Photo by: Nieman Foundation

Covering Climate Change Workshop

11/14/2019 | Cambridge, MA

On November 14–16, 2019, we hosted an intensive training workshop for journalists on covering climate change and related issues with the Nieman Foundation for Journalism at Harvard. Our Directors Gina McCarthy and Dr. Aaron Bernstein kicked off the workshop and joined the panels on November 14 and 15. Our goal was to bring together a diverse group of reporters, academics, researchers and practitioners in order to help journalists deepen their reporting skills and expand their thinking around climate-related issues and how they intersect with all beats.

The workshop was made possible with generous support from the John D. and Catherine T. MacArthur Foundation.

Find more information below:


2019 Covering Climate Workshop Tip Sheet

The 2019 Covering Climate Workshop was a collaborative effort from The Center for Climate, Health, and the Global Environment at the Harvard T.H. Chan School of Public Health (Harvard Chan C-CHANGE), the Nieman Journalism Foundation at Harvard, and the MacArthur Foundation. Through a series of panels, conversations, and a trip to a green start-up incubator, journalists developed their skills to report on and increase understanding of climate change. Resources shared and discussed throughout the weekend are available on the Nieman Foundation website and all of the participating journalists’ Twitter accounts can be found on this list to continue the climate conversations. 

Below is a summary of the top takeaways based on the comments from speakers and participants from the three-day workshop.

Think Critically about Language

“The words we use matter”

  • The way we talk about climate change is important. It determines how urgent and intersectional people interpret the crisis. 
    • When discussing action needed to solve the crisis, use “responsibility” instead of “blame” and “fault”.
    • Use “choice” and “urgency” instead of “inevitability” to maintain hope for a healthy future. 
    • Use evidence, not beliefs. People want facts that can be proven by professionals.
    • Use “relocate” not “retreat”. The key is to encourage solutions and resilience to the effects of climate change. This will maintain hope and minimize fear.  
  • Emotions impact how people absorb information and facts, so use language that sparks them by knowing who your audience is and speaking to their interests. People understand issues better when they are personal.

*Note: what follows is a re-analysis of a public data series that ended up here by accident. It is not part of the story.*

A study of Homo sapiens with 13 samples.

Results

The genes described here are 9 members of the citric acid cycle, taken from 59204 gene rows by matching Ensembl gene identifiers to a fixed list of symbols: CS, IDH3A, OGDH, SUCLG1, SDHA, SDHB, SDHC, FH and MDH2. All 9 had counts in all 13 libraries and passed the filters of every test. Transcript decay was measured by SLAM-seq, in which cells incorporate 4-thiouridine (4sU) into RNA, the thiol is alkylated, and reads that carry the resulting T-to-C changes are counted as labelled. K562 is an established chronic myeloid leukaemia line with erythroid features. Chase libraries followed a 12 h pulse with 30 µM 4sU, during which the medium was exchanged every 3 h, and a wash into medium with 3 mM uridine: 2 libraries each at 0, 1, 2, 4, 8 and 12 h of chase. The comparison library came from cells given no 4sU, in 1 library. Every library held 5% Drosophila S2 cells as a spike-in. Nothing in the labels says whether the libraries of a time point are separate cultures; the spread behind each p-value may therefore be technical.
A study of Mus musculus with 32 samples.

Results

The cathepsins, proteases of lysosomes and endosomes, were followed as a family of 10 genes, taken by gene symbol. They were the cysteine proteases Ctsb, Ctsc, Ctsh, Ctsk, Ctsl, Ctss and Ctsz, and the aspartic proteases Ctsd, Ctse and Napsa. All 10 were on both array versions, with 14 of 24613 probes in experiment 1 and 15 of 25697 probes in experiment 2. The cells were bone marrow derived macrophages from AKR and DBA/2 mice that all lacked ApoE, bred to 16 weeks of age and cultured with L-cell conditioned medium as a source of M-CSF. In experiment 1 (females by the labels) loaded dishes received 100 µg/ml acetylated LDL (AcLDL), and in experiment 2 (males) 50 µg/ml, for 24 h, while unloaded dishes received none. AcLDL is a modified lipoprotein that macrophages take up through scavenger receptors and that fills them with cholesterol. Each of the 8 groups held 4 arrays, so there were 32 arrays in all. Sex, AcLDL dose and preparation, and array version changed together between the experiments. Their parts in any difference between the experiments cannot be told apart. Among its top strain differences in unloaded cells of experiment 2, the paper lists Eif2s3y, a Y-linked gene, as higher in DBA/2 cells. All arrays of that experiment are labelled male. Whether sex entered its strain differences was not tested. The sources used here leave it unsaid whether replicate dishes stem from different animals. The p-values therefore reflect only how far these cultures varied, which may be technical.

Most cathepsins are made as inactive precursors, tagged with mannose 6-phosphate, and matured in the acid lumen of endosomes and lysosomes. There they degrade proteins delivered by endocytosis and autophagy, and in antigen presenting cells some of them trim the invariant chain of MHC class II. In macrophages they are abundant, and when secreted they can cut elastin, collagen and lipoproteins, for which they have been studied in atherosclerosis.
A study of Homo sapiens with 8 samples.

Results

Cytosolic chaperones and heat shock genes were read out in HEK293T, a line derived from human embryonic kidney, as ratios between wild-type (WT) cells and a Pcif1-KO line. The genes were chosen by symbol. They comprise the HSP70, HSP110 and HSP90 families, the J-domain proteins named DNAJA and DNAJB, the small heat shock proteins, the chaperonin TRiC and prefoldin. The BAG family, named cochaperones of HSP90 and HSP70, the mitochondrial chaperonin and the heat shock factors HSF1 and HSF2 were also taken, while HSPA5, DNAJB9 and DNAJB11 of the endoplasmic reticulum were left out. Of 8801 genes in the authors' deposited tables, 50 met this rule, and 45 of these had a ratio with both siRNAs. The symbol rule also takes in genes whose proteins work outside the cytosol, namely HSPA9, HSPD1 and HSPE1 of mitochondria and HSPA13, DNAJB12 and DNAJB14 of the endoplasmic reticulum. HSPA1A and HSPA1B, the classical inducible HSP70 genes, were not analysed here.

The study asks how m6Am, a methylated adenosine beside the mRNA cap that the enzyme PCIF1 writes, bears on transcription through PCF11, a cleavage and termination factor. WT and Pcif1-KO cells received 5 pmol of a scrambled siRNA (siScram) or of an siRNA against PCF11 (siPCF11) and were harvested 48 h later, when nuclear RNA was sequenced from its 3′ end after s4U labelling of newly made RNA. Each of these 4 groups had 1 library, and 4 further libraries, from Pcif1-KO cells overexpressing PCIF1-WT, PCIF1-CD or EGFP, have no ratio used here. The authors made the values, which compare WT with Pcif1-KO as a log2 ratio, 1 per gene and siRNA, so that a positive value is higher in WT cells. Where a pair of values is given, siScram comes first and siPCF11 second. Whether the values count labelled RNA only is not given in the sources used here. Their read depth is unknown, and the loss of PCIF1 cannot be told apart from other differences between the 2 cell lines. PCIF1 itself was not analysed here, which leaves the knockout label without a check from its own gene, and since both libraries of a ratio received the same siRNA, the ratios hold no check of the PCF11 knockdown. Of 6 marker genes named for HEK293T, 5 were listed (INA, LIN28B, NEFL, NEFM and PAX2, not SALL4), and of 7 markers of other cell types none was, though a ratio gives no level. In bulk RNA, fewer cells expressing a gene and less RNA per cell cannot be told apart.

• I.e. Republicans care about the economic impact, so share that climate solutions create jobs, improve the economy, and lower energy costs.

Make Climate Personal and Local

“You have to understand what people care about and what they’re willing to relate to.” – Dr. Aaron Bernstein, Co-Director of Harvard Chan C-CHANGE

  • Frame climate change as a public health issue rather than a planetary one. The effects of climate change are here, now, and taking a toll on the way we think, breathe, eat, and live. They will continue to do so until policies are solidified and actions are taken. 
  • Telling personal stories allows people to feel closer to the issue. Vulnerable populations such as the elderly, minorities, those who are handicapped, those who are on medications, and children face the most detriment due to climate change. Journalists can make these inequalities known so readers can take action in their communities to protect these populations.
  • Explain practical action for the issue at hand rather than leaving your audience feeling defeated by a lack of federal action.
  • Discuss younger generations and their intolerance for inaction on the climate crisis. Youth activism is empowering and shows why these issues directly impact children’s futures. Their voices need to be heard loud and clear. 

Use Science to Tell Stories

“Cut through the noise with evidence and facts.” – Sean Harder, Communications Officer at the MacArthur Foundation

  • Doctors are seeing the effects of air pollution on their patients’ lungs, heatwaves on their patients’ cognition, extreme weather on their mental health. Gather their perspectives and share these stories. 
  • People are skeptical of the news that they receive, so the sources reporters use impacts how readers will receive climate coverage. Use sources that your audience trusts. NASA, National Geographic, and military leaders are trusted by audiences across the political spectrum.
  • Specify that your facts are coming from climate scientists rather than just scientists. Context and credibility count. 
  • Journalists may feel uncomfortable covering climate change because they don’t want to appear as advocates. Focus on the climate scientists who encourage action due to the urgency of this crisis. 

Focus on Solutions.

“I’m so tired of talking about the problems. I’m so excited to hear about the solutions.” – Gina McCarthy, Director of Harvard Chan C-CHANGE

  • It may seem easier to only cover climate tragedies— don’t. Focus on covering the solutions to climate change, the actions that local communities are taking, the policies being put into place, and activism around the globe. 
  • By covering practical and local solutions for the issue at hand readers will feel more hopeful and likely to act rather than feeling defeated by a lack of federal action. 
  • Dig deeper into what is working well in other places and bring that to your community. Find out what they’re doing and how. 
  • The same solutions to large public health issues such as obesity, diabetes, etc. are also the solutions we need for climate change. Point out these parallels and use scientific evidence to do so.